Imagine you have a rheumatoid arthritis (RA) patient who’s struggling with her regular activities. It takes her seemingly forever to get ready in the morning because of her painful, swollen joints. She finds it hard to cook because she can’t grip pots, pans or milk gallons like she did before. She doesn’t want to socialize much, because she feels flustered managing her difficult daily routine.
“Occupational therapists are key players in arthritis management,” says Theodore Fields, MD, director, Rheumatology Faculty Practice Plan, Hospital for Special Surgery, New York. Dr. Fields commonly refers patients with hand, wrist and elbow problems to OT. He finds that patients better manage their condition and activities of daily living with help from occupational therapists.
Occupational therapists can be part of a team of allied health professionals working with rheumatology patients, depending on the patient’s particular challenges, motivation and insurance. In addition to occupational therapists, other parts of the allied health mix can include physical therapists, chiropractors, massage therapists and acupuncturists, says rheumatologist Elyse Rubenstein, MD, Providence Saint John’s Health Center, Santa Monica, Calif.
Occupational therapists can help the patient analyze their daily activities, rethink the way they do things, position their bodies & achieve the right balance between rest & activity.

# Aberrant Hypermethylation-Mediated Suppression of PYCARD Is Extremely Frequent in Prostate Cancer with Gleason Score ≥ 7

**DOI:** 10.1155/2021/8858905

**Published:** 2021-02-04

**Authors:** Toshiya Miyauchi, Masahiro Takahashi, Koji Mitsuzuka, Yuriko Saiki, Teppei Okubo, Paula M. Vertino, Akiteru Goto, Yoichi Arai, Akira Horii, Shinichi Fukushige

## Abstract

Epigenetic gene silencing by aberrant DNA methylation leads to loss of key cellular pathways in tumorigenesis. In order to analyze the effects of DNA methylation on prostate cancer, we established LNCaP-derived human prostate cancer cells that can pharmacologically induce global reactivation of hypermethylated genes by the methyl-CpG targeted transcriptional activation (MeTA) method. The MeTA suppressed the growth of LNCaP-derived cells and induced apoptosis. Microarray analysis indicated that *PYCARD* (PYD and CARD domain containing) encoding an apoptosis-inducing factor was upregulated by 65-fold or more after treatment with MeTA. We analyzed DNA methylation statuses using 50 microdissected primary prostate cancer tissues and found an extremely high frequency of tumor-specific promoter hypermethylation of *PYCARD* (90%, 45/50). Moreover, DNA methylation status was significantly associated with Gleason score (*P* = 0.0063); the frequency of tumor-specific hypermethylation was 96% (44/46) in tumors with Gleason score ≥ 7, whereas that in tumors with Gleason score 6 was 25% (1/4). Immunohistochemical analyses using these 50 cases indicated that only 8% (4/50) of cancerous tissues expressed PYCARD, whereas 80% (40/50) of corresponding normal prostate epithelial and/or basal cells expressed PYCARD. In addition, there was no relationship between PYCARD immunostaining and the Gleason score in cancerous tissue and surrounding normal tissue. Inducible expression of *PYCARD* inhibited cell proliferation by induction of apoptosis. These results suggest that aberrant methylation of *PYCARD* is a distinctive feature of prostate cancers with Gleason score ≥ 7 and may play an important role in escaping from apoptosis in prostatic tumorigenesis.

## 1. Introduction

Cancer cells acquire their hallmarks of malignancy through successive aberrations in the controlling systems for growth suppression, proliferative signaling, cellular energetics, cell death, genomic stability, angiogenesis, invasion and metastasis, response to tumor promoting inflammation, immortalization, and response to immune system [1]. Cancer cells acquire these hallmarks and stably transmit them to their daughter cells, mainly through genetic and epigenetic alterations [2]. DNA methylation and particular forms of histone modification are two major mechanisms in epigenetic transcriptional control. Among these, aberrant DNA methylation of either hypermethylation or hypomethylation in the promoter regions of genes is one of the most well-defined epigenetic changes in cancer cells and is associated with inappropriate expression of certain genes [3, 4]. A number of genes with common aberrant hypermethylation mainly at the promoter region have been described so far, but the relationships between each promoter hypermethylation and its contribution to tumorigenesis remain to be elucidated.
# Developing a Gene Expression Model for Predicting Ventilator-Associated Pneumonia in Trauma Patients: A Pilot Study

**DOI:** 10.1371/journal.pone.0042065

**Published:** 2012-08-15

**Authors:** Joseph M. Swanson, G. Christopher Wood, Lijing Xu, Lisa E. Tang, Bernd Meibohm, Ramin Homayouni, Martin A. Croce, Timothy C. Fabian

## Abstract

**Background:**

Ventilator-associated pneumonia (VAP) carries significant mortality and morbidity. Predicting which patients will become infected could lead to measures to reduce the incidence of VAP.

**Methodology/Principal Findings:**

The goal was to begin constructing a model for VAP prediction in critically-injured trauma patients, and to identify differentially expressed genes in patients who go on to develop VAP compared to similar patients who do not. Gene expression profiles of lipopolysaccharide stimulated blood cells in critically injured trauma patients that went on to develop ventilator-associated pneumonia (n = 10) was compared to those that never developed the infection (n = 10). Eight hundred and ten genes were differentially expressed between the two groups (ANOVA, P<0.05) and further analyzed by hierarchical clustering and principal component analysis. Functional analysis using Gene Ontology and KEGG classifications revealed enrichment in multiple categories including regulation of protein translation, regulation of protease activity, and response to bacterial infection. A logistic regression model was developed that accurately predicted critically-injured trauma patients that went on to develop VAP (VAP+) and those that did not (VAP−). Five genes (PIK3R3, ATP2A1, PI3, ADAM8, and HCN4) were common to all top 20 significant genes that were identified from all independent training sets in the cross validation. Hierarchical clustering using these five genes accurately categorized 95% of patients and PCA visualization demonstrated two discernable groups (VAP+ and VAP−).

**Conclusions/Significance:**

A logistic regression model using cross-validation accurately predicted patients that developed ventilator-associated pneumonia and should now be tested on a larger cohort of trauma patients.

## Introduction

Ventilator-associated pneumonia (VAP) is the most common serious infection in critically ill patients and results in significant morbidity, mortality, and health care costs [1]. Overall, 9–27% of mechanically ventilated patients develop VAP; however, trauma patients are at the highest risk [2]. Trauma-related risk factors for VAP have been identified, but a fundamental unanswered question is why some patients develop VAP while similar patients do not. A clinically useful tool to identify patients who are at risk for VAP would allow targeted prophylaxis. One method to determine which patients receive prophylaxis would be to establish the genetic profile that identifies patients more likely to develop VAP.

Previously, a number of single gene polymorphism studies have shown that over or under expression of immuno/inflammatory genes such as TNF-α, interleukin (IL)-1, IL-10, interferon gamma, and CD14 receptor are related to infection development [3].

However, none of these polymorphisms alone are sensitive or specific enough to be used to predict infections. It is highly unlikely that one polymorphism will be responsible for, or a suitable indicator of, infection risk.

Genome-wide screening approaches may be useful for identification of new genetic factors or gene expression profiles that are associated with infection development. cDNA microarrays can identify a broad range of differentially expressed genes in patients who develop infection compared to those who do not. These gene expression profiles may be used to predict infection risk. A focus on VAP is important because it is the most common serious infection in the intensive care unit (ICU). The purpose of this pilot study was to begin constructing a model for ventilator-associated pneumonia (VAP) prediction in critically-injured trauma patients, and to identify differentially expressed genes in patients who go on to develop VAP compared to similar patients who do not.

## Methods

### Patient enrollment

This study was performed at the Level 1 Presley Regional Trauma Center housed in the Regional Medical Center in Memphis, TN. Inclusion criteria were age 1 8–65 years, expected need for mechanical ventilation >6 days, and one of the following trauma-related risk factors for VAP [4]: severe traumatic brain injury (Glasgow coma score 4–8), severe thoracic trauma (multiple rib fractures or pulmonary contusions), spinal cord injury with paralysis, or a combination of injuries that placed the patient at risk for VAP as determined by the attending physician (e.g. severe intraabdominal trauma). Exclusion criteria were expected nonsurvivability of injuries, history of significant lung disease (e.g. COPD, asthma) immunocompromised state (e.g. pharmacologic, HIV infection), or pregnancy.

Although occupational therapists may step in most often to treat patients with arthritic conditions, they treat other rheumatologic conditions as well, including scleroderma, psoriatic arthritis and ankylosing spondylitis, says occupational therapist Jane W. McCabe, MS, OTR/L, CAPS, Laguna Hills, Calif. Occupational therapy also may be part of postoperative care for certain kinds of joint-related surgery.
What Happens in OT
Just what is it that occupational therapists do with patients who have rheumatologic conditions?
First, there’s a little bit of education that takes place. “Someone recently said to me, ‘I don’t work anymore, why do I need you?’ I had to chuckle,” says occupational therapist Elsa Perniciaro, OT, Los Robles Hospital, Thousand Oaks, Calif.
Another misconception some patients have is that occupational therapists will help get their joints working like they did previously. “We’re not going to do that,” says Perniciaro.
What therapists actually do is educate patients on how to reduce joint strain—frequently referred to as joint protection, says Petros Efthimiou, MD, FACR, associate chief of rheumatology, New York Methodist Hospital, and associate professor of clinical medicine and rheumatology, Weill Medical College of Cornell University, New York. “Additionally, occupational therapists can help the patient analyze their daily activities, rethink the way they do things, position their bodies and achieve the right balance between rest and activity,” he says. “Therapists can also provide splints, either custom or ready made, to support affected joints.”